Author Joseph Cavano gave readers a glimpse of his artistic side at the recent G.R.I.T.S. book club meeting.
A talented jazz pianist, he alternately discussed his life, writing and love of music for a small crowd at the Philadelphia United Methodist Church.
"Writing has a beat to it. If your sentences don't sing, if they're not musical, they're not going to work," he says.
Cavano grew up in New York's Catskill Mountains, where his collection of short stories, "Half-Past Nowhere," takes place. When asked whether or not the book's main character, Joey Fusaro, is really a young Joseph Cavano, he says, "Take a look at Joey; he's fairly vertically challenged, he has black curly hair, comes from a moderately dysfunctional Italian family...of course I'm Joey Fusaro."
The grown-up Joey moved to Charlotte eight years ago. Why did he decide to relocate to North Carolina?
"Because the South is the most interesting place in the country," says Cavano. "There's a gentility and a history here that you don't find anywhere else, it's just unique."
During the meeting, Cavano made mention of several great American authors, including Mark Twain and noted Southerners William Faulkner and Truman Capote. He drew a connection between the issues of race in his stories to those in "Adventures of Huckleberry Finn."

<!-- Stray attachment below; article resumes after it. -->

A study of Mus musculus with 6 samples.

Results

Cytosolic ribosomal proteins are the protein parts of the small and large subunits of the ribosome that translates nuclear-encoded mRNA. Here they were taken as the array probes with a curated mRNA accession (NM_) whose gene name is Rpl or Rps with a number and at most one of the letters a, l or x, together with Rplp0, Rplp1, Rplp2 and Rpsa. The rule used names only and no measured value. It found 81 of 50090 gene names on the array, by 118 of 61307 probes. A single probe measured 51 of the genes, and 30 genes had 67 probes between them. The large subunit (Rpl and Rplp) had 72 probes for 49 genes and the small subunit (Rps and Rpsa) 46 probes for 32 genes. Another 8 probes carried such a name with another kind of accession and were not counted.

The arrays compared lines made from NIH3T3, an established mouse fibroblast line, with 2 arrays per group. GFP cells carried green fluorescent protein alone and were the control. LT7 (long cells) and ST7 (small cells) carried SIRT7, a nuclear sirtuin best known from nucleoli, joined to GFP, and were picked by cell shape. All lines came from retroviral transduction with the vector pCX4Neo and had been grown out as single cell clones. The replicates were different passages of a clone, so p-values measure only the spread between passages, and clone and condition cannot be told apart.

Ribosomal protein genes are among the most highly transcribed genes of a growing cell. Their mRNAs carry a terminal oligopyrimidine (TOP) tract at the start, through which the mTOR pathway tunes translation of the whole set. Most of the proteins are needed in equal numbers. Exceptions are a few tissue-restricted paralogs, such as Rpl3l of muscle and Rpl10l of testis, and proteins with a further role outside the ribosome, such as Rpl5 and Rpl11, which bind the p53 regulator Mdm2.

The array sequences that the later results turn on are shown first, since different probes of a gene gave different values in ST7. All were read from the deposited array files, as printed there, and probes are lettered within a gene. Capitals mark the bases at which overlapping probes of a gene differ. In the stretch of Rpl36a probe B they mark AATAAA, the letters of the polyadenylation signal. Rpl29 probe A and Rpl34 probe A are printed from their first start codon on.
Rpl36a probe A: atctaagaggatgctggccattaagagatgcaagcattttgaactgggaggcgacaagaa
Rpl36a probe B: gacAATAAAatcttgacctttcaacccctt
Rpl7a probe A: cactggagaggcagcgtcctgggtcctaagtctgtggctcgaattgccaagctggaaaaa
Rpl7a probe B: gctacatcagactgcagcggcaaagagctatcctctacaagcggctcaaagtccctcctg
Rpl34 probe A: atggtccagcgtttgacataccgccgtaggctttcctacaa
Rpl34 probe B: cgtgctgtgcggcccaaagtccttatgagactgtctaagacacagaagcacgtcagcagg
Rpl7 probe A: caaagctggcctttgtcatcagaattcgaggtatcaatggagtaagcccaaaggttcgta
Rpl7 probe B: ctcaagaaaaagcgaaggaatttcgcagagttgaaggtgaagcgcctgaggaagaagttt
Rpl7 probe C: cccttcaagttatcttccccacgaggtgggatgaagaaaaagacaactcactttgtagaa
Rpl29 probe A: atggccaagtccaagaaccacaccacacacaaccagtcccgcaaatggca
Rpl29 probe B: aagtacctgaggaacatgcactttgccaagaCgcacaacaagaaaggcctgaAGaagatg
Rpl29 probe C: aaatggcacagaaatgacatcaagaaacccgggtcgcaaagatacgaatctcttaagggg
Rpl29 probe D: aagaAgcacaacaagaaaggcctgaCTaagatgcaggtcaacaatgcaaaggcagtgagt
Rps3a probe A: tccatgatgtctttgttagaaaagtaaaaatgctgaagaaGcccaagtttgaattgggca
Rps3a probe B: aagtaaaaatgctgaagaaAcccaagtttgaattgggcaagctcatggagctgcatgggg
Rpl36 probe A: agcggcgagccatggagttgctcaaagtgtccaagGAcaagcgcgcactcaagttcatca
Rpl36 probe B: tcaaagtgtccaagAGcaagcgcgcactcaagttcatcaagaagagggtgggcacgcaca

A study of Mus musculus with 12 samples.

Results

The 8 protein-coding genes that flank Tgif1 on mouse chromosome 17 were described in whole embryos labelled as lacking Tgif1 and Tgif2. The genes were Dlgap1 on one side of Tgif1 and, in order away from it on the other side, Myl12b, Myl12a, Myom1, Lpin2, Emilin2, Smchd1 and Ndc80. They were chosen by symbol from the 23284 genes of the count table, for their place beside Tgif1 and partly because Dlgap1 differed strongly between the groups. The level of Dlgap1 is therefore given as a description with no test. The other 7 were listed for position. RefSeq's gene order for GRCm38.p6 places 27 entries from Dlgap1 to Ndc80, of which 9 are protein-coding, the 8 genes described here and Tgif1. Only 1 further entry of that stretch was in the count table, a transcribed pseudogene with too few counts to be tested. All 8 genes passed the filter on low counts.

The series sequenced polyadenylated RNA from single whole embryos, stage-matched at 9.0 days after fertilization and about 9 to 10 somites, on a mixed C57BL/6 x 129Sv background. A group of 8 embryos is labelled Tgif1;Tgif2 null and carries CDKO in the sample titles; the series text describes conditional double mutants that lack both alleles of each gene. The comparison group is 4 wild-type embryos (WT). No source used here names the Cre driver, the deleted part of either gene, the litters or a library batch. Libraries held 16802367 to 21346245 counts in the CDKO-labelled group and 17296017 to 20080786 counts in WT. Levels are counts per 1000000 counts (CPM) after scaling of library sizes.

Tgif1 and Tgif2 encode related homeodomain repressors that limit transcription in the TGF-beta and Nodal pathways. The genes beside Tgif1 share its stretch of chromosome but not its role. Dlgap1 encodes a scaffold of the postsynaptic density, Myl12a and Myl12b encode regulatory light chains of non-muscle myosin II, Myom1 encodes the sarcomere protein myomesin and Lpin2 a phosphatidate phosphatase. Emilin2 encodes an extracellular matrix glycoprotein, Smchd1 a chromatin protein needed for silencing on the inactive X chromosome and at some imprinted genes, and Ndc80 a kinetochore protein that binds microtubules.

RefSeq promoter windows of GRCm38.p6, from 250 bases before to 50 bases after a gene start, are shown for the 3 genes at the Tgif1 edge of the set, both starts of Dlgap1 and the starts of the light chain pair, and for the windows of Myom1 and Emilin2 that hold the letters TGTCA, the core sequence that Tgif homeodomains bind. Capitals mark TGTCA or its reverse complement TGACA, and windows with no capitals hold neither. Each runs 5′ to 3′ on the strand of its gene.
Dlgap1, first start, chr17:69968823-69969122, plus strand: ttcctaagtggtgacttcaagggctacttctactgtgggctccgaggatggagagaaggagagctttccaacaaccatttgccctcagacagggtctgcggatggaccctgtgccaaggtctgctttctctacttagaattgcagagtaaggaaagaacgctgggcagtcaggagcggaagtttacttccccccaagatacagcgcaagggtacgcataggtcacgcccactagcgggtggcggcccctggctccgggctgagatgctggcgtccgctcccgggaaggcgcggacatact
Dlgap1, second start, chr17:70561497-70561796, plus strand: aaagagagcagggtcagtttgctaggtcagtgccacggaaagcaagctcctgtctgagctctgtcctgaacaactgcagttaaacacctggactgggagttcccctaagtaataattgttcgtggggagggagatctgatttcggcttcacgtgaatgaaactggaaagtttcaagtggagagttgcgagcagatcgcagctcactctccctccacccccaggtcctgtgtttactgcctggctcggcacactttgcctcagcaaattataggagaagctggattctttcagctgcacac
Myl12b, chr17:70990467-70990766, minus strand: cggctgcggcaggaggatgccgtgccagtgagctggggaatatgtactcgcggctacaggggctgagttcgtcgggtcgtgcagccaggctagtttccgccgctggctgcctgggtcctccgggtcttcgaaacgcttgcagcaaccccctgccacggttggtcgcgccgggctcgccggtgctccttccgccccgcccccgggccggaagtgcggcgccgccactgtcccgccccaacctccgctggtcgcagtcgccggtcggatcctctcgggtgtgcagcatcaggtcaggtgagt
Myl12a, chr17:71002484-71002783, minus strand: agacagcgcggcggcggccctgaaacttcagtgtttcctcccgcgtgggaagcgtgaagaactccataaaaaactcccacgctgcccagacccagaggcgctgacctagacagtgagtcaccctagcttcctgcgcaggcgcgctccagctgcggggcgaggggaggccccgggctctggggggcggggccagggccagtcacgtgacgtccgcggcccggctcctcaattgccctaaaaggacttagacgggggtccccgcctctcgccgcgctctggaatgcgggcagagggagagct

"Writing is just a wonderful thing to do; it's about the most fun a person can have, I think," he says. "The thing is, you've got to put in the time."
Cavano was an English teacher before retiring and although he says be was always urged to write, he only began writing a year ago. For his first published work, "Half-Past Nowhere" is enjoying significant success. Two stories from the collection were finalists in the Glimmer Train Press short story contest.
"'Glimmer Train' is the big leagues," Cavano says. With a new book to finish and a potential movie deal in the works, he has a lot to look forward to.
It was appropriate for Cavano to speak in Fort Mill, where he and his wife, Stephanie, have several friends. They were members of the local Italian club for a couple of years and he plays golf in Tega Cay.
G.R.I.T.S. charter member Alice Sumner says she felt a personal connection to the book.
"He and I are close to the same age, so I could relate to a lot of the things that he talks about" she says.
"I particularly enjoyed his descriptions of the setting, the water, the woods. I visited the area a couple years ago and it was just as I saw it. Nature is very subtle as part of the story," says member Julie Johnson.
Word of the book is spreading. To see for yourself and support a local artist, "Half-Past Nowhere" can be found at www.CPCC.edu, www.Amazon.com and several area bookstores.